EPA Initiative Aims to Cut Suppliers’ F-GHG Emissions

f-ghg emissions

by | Sep 20, 2013


Korean manufacturer LG Display reduced more than 8 million metric tons of carbon dioxide equivalent last year, a move that the EPA says illustrates how flat panel display makers are cutting fluorinated greenhouse gas from their operations.

F-GHGs, which are potent and persistent in the atmosphere, are used to make LCD TVs, computer monitors and tablets. The EPA estimates emissions from LCD panels will reach about 11 to 12 million metric tons of CO2e in 2020. If LCD panel production experiences high growth, emissions are projected to rise to about 35 million metric tons CO2e.

These fluorinated greenhouse gases can be captured and destroyed as part of the manufacturing process if suppliers implement F-GHG reduction strategies, the EPA says. The process can also be refined so that fewer gases are used in the first place. The EPA’s Center for Corporate Climate Leadership, which serves as a resource for companies seeking to reduce GHG impacts from their own operations and supply chains, is offering industry information how major suppliers of  large-area LCD panels are taking steps to cut their emissions.

This is the first initiative in a larger effort to reduce supply chain GHG emissions at the sectoral level. In this initial initiative, the EPA is focusing on the electronics sector, specifically flat-panel display suppliers’ effort to reduce F-GHG emissions. The aim is to increase awareness and highlight best practices.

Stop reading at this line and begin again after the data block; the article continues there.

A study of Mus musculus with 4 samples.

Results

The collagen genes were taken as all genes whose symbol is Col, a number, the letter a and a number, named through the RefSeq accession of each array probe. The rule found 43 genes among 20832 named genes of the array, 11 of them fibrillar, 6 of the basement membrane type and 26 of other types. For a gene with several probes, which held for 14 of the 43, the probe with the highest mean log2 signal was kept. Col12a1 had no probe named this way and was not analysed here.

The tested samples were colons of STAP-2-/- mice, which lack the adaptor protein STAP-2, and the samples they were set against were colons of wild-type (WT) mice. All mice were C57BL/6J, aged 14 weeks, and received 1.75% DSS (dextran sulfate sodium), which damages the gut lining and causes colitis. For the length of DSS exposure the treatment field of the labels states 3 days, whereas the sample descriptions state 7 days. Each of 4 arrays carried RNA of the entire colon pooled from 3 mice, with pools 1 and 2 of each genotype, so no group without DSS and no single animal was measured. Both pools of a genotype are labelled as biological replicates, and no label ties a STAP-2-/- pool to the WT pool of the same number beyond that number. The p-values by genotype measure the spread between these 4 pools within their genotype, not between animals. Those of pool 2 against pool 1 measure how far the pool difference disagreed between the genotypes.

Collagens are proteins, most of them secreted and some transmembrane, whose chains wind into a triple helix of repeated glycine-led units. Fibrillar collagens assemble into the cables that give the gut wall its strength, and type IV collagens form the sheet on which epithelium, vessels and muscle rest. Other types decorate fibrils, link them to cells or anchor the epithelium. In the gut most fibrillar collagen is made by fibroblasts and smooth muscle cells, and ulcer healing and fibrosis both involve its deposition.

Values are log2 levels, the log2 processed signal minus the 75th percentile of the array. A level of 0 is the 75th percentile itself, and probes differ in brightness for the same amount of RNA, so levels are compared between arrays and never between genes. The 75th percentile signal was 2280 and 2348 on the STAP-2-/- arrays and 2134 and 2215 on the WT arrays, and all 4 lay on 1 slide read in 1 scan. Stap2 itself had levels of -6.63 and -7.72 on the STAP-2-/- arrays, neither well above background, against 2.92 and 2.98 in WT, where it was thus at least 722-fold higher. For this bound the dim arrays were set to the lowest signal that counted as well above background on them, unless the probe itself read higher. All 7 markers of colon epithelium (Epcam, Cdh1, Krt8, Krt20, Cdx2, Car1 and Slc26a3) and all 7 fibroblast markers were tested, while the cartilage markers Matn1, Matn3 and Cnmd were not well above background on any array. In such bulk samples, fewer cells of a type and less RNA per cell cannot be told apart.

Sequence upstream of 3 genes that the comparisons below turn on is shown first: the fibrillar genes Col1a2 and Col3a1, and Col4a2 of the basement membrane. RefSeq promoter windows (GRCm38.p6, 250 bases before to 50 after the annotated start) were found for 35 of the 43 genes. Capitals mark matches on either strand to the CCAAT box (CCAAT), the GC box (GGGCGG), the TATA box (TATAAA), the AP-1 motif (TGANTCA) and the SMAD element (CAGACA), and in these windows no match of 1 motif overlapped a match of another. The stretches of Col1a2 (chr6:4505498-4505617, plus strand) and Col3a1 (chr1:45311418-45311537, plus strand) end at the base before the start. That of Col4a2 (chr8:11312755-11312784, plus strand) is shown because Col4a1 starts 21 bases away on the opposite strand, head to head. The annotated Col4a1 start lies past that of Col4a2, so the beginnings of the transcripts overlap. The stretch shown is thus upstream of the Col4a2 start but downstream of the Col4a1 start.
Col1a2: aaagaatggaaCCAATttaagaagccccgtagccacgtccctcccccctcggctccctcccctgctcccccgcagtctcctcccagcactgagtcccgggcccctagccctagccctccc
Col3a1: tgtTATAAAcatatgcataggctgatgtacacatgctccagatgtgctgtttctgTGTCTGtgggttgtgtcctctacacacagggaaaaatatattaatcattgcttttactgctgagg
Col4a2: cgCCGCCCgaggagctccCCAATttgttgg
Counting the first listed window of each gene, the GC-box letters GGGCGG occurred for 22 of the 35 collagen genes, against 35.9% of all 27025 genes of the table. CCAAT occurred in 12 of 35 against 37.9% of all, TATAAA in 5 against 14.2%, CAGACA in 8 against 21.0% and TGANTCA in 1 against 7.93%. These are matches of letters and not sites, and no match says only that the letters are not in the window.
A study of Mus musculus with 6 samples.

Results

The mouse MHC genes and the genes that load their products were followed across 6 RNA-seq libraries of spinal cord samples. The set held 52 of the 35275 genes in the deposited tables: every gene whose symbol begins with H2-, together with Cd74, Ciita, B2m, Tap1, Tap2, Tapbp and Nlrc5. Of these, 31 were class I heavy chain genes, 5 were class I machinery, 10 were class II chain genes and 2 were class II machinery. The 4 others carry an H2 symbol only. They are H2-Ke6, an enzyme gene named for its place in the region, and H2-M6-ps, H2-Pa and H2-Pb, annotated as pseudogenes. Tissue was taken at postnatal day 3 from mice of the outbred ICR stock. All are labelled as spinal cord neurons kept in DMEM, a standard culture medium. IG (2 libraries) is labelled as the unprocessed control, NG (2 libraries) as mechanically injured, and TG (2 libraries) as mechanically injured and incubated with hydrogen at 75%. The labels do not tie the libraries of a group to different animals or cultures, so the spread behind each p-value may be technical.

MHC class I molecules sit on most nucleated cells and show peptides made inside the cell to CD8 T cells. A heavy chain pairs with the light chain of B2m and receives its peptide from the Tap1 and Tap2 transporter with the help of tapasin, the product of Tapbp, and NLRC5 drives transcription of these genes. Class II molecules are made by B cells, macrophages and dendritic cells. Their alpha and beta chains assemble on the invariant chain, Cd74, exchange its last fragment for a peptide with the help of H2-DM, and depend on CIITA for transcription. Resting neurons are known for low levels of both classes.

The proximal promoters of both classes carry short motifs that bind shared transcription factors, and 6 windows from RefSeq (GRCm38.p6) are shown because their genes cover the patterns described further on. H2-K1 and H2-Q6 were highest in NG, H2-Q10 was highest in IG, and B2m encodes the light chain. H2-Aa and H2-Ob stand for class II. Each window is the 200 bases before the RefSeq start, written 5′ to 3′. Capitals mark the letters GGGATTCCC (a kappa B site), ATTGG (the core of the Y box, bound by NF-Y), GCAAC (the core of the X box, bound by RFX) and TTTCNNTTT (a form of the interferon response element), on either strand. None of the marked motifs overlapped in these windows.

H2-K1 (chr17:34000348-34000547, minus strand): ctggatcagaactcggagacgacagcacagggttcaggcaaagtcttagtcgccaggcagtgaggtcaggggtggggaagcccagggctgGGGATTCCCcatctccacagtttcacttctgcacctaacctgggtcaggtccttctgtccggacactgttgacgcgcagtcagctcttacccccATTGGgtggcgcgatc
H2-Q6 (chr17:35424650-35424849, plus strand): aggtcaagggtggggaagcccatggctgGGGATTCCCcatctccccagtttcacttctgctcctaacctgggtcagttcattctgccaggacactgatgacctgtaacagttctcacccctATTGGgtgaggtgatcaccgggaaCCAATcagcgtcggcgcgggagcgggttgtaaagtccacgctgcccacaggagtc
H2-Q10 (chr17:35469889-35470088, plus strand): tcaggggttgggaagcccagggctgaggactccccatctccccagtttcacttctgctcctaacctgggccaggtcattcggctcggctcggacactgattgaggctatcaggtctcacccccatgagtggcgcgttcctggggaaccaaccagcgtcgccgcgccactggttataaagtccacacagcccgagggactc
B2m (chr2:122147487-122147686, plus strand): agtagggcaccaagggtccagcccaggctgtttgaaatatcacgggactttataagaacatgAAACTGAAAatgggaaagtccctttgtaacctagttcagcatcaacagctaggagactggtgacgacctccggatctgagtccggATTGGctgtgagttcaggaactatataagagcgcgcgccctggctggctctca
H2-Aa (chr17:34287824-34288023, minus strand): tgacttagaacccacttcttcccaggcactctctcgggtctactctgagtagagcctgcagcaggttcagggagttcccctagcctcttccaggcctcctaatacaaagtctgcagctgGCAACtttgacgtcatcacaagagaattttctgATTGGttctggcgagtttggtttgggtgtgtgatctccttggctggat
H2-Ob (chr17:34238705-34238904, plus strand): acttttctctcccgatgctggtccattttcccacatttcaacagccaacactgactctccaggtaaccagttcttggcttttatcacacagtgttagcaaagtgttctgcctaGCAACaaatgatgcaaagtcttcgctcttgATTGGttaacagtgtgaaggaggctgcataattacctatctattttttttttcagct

For example, AUO, formerly known as Acer Display Technology, has reduced its F-GHG emissions by 6.94 million metric tons of CO2e from 2003 to 2011. Its total F-GHG emissions in 2012 were about 295,000 metric tons of CO2e. Since 2003, AUO voluntarily installed IPCC-recognized F-GHG abatement devices with destruction removal efficiencies over 90 percent in dry etching and chemical vapor deposition (CVD) processes for all newly built fabrications, the EPA says.

The EPA says there’s also a need to create international protocols for measuring the emissions.  The agency says it hopes to see industry develop such an agreed upon approach.